I think the Beretta 85F is a sweet little gun. The more I learn about it, the more I like it, but until recently, I haven’t been able to hit my target. After missing a 6” gong at 10 yards with every shot, I thought “this is crazy,” and I must be doing something wrong.
With the gong, I couldn’t tell where my shots were going, so I grabbed a tall board left behind on the range, and marked it with blue tape. My first shot was revealing:
I had been aiming with “equal height, equal light,” but obviously my shot was way low. So I lifted the front sight, and immediately hit my mark:
Going back to my 6” gong, I put all 8 rounds from the next magazine on target.
The rear sight on the 85F is a half circle, while the front is a full round dot. Still figuring this out, but it seems to me that the proper sight picture is the front sight covering the mark, but with its post above the rear sight notch rather than inside the notch.
Has anyone here shot this gun? What are your thoughts? Do I have this wrong?
No matter what are the notches, shapes and markers on the sights, there always the same rule that applies:
Top edge of front sight has to be even with top edge of the rear sight.
So the depth of the notch doesn’t really matter…
Are those the original sights? I used to have an 84FS. Front and rear sights were white, the front one a full circle and the rear one a half circle on the bottom like yours. Proper sight picture was when you saw one perfect circle - the upper half of the circle came from the front sight, and the lower half of the circle came from the rear sight. In other words, the bottom half of the front sight was covered/obstructed from view by the rear sight. I am not sure if the 2 circles were the same size, but they appeared to be exactly the same size when sighting.
It also had “combat” sight alignment which means it will seem to shoot low unless you literally cover the target with the dot. Sight image 3 in the link:
I replace the link with the graphic, hope you don’t mind Gary_H! ~Dawn
That’s what I thought, and it how I was aiming and how I got consistently frustrating low shots.
I’m going to take this out again over the weekend and have another deep look at what’s going on. Probably put it in the shooting rest too.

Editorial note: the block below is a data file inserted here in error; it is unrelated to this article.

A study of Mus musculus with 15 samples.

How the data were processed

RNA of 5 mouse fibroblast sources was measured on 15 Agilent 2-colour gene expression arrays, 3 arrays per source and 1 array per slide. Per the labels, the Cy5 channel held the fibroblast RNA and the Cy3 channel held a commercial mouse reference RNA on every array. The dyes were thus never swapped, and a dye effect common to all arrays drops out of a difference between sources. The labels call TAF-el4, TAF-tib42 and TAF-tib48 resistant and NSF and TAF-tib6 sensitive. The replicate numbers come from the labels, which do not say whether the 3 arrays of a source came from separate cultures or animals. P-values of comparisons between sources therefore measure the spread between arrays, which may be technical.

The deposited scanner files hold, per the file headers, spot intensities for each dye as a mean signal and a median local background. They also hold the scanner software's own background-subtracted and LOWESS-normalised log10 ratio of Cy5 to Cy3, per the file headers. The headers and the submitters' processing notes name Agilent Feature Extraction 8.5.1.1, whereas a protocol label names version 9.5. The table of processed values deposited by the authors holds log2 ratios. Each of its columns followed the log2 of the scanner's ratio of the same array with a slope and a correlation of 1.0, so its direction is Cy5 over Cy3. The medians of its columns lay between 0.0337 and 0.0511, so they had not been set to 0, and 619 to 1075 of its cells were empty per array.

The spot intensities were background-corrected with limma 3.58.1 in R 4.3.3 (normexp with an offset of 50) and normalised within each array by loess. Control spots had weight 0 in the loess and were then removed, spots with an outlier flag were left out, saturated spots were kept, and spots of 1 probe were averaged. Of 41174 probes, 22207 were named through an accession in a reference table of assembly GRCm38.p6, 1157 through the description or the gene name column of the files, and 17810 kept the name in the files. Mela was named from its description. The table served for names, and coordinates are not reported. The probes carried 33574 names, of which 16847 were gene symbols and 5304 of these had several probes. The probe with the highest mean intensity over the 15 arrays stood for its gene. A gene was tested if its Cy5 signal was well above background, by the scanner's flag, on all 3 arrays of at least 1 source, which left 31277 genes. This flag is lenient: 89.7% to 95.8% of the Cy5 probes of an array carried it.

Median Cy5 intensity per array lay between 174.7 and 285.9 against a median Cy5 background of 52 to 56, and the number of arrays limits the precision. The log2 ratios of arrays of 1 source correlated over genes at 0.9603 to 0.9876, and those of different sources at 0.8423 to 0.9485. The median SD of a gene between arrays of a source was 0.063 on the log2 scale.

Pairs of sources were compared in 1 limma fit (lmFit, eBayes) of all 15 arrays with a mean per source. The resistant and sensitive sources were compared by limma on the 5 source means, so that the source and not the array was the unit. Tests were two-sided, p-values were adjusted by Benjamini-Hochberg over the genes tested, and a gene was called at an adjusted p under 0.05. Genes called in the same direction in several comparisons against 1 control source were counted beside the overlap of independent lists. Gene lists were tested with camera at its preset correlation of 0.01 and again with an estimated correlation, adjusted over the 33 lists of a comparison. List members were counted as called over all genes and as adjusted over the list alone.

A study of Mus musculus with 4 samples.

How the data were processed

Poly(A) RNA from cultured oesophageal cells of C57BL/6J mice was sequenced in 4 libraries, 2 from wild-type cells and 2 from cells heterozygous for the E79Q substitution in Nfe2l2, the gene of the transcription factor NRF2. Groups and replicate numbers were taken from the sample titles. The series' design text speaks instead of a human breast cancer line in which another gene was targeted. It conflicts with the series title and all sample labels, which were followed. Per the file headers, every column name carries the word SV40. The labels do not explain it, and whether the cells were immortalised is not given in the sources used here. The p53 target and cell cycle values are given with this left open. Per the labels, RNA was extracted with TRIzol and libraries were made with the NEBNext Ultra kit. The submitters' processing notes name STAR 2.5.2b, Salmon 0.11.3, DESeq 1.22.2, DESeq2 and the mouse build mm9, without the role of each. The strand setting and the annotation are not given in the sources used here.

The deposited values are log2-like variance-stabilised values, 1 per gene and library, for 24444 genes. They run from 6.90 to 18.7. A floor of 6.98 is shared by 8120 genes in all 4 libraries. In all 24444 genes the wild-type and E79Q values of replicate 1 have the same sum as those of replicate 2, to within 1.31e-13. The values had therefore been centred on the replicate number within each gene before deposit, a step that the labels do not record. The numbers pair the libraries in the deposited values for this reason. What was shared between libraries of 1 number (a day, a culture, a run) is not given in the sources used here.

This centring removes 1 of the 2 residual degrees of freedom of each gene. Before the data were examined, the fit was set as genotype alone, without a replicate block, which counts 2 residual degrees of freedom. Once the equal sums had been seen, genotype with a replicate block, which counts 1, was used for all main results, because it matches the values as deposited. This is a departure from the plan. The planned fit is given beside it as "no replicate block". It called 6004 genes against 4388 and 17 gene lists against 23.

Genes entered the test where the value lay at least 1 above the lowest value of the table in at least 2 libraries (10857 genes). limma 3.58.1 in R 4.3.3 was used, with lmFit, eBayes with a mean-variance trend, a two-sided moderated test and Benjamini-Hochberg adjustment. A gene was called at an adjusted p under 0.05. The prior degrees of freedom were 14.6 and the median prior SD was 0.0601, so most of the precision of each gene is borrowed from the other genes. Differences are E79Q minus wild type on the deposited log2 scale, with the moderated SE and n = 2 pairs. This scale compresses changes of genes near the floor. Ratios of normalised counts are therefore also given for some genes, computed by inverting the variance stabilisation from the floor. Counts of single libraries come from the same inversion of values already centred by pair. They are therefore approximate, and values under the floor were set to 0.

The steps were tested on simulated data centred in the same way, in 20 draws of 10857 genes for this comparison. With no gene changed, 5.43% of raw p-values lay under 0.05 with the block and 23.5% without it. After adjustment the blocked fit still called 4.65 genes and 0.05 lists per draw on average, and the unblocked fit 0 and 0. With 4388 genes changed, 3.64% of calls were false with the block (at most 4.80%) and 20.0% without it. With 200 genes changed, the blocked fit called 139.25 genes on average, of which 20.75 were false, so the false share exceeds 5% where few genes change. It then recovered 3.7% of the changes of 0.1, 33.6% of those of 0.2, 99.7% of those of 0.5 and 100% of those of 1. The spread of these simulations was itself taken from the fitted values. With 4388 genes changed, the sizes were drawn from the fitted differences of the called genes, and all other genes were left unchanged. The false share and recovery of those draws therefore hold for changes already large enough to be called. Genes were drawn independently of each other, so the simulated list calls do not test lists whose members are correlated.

Thank you. Yes, they’re original sights, but repainted; the white on the rear was partially chipped.
The full circle sight picture was what I assumed was correct. But that’s what was getting me in trouble. I’m trying to recall the image in my mind when everything started working — I had the front dot sitting on the flat of the rear as opposed to being half-covered.
Going to try to figure this out again this weekend after both you and @Jerzy confirmed what I originally believed (but couldn’t get to work). Again, thanks.
Iron sights only work at two ranges, close and far away (ballistic arc). If you are lucky close falls into your SD mode and far away is like 75 - 100yds down range. My Colt Officers Model (3.2" bbl) is dead NUTZ on at 7 .5 yards it is also dead on at 100 yards with 230 ball ammo from a certain MFG. How you align your sights is up to you. Obviously at 7.5 yards I aim center bullseye as I do at 100. Knowing where to aim for other ranges is a product of knowing your platform and how it works with your ammo of choice.
You can also ask RSO to shoot this gun as well. Rest bench may give some answers.
From my experience, every new gun in my hands shoots low for first 100 - 200 rounds. And it’s most because of me.
However I own two pistols in my collection which had sights that had to be replaced to fix that problem.
Planned to do this over the weekend, taking my rest with me to do as you suggest, but the siren call of my 5.56 captivated all of my range time.
More fun with the 85F…
As I learn its aim, this is becoming an enjoyable little gun to shoot. Still haven’t put it on the rest, but I shot 26 rounds today at 10, 15, and 20 yards. All but three on the paper 8-1/2”x11”). The diamond (my new go to shape, thank you @Craig6) is 2”x2”.
There’s no question that I need to tighten up my grouping, but it’s much better than when I didn’t understand the sights.
Well as you say your grouping needs to be tighter but the good side is that out to 20 you are in the center of mass. There are a thousand recommendations as how to do that but unless you ask me I will not offer mine with the exception of the term “Prairie Dog”.
The diamond shape I have found to be the most receptive target of self reflection. You can tell when you are off left to right and up and down at a glace (or when the shot breaks) where round targets seem to “fuzz out the edges”.
FWIW I use a target that size at 400 yards and am rarely in the white but I have been doing this for more than a minute. That said 500+ I go back to 1 IPHY (Inch per Hundred Yards) targets as that’s where it starts to get fun.